As economic indicators continue to suggest the U.S. economy is headed for -- or is already in -- recession, Hewlett-Packard reported Tuesday that its first-quarter net revenue increased 13 percent from a year earlier.
"We are raising our guidance yet again, reflecting our confidence in anticipated cost
reductions and share gains in key markets," said Mark Hurd, HP chairman and CEO. "We added more than 2,000 sales positions in the past year through acquisitions and hiring. HP remains well positioned for profitable growth as we continue to focus on our numerous cost initiatives and improve our market coverage."
HP's good news surprised analysts and suggested that there is hope for the economy. "Their guidance was much more bullish than we thought it would be, particularly with what we've seen out of Cisco," Brent Bracelin, an analyst with Pacific Crest Securities, told the Bloomberg financial news service. "Their outlook suggests that things aren't as bad as people thought."
Emerging Markets Lead the Way
Addressing analysts on the company's quarterly conference call, Hurd credited three factors with driving HP's earnings growth: "significant cost savings," additional sales resources and diversification around the globe and across product lines.
Indeed, it was strength in emerging markets that propelled HP's revenue growth. Revenue in the Asia Pacific region grew 22 percent to $4.9 billion, but only eight percent in the U.S. to $11.2 billion and 15 percent in Europe, the Middle East and Africa to $12.3 billion. Adjusted for currency fluctuations, growth in Asia was 16 percent compared to seven percent in the other regions. And in the BRIC countries -- Brazil, Russia, India and China -- revenue grew a whopping 35 percent.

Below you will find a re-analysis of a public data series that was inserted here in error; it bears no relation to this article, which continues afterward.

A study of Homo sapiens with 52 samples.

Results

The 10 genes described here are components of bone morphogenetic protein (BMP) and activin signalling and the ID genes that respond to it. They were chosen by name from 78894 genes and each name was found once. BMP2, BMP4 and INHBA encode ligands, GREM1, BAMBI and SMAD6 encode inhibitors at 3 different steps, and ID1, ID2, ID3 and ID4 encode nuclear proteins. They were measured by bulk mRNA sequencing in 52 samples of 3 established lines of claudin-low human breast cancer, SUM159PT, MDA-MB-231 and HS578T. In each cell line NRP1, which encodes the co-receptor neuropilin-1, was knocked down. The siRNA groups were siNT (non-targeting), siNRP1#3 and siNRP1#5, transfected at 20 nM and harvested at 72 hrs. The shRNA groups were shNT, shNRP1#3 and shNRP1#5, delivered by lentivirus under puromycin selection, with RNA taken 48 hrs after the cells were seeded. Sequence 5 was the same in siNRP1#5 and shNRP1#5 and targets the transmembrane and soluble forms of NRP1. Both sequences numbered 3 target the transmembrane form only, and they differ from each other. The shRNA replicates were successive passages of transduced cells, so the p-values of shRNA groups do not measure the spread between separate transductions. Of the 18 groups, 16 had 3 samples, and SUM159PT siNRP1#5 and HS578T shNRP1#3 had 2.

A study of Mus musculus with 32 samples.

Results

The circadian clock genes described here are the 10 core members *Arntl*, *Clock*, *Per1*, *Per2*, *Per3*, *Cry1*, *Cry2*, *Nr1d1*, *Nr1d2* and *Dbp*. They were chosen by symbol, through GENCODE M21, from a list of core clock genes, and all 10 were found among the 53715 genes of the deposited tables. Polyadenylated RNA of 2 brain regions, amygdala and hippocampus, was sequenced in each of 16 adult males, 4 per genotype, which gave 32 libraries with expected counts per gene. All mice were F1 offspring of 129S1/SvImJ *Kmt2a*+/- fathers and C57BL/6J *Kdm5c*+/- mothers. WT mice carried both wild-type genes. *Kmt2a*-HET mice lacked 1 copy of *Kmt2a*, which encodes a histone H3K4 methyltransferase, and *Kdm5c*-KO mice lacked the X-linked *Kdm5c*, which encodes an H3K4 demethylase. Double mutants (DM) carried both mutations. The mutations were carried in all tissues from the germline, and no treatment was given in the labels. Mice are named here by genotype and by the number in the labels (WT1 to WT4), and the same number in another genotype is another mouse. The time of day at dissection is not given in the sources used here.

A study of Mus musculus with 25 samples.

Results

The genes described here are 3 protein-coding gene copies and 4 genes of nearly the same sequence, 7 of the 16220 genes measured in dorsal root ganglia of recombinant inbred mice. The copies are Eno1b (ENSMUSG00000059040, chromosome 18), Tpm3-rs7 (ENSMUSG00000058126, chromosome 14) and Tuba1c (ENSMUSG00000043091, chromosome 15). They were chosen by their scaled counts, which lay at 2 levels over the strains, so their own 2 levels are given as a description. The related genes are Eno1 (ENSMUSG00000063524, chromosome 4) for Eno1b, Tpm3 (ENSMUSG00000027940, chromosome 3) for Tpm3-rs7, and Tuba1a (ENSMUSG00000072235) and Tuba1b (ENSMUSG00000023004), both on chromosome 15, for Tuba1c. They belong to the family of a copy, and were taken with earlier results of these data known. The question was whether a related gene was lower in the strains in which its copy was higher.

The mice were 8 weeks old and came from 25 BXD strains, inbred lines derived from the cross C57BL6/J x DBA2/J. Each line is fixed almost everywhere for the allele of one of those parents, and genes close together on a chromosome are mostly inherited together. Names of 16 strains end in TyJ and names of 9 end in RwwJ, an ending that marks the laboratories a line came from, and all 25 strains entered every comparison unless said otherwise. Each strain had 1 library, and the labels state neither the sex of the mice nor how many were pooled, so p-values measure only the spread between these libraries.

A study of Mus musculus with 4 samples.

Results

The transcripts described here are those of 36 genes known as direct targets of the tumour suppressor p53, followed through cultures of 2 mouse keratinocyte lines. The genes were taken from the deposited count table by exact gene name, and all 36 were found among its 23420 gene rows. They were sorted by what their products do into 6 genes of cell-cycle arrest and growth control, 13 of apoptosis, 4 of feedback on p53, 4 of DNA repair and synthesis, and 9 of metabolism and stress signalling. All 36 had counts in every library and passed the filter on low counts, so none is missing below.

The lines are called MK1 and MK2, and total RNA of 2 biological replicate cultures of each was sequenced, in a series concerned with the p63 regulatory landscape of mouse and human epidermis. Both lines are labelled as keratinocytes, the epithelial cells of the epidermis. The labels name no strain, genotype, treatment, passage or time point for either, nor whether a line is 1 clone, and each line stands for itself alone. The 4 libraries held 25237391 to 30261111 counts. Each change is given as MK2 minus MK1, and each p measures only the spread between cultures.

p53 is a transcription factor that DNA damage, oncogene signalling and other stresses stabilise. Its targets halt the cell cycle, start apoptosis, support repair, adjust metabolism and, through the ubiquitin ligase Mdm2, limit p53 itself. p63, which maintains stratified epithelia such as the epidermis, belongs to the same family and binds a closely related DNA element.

"They are capitalizing on the international better than anyone else," said Jane Snorek of First American Funds in Minneapolis. "They're taking share from Dell and I think they're taking share from IBM, and I think that's going to continue."
Strong Growth for Notebooks
HP's Personal Systems Group, which sells notebook and desktop PCs, enjoyed 24 percent year-over-year growth. The results showed an accelerating movement in the industry toward notebooks, which grew 37 percent, while desktops grew 15 percent.
Consumer sales, with 29 percent growth, was marginally stronger than business sales, which grew 22 percent. "Our commercial business delivered strong revenue and margin performance, augmenting our strength in consumer, notebooks and emerging geographies," Hurd said.
HP's Technology Solutions Group enjoyed revenue growth of 10 percent, "driven by expense discipline," Hurd said, as well as investments in blade solutions, management software and data-center services. "I am pleased with our improved performance" in this area, Hurd said.
HP's mature printer and imaging business also grew, but more slowly, only 4 percent year-over-year to $7.3 billion. HP Services grew 11 percent to $4.4 billion.
Hurd noted the trouble in the economy but emphasized that HP "control(s) many of the levers that drive our performance." He said the company will "remove significantly more cost this year than we did last year" and that the cost savings will "fund investments that both improve the efficiency of HP and create growth opportunities."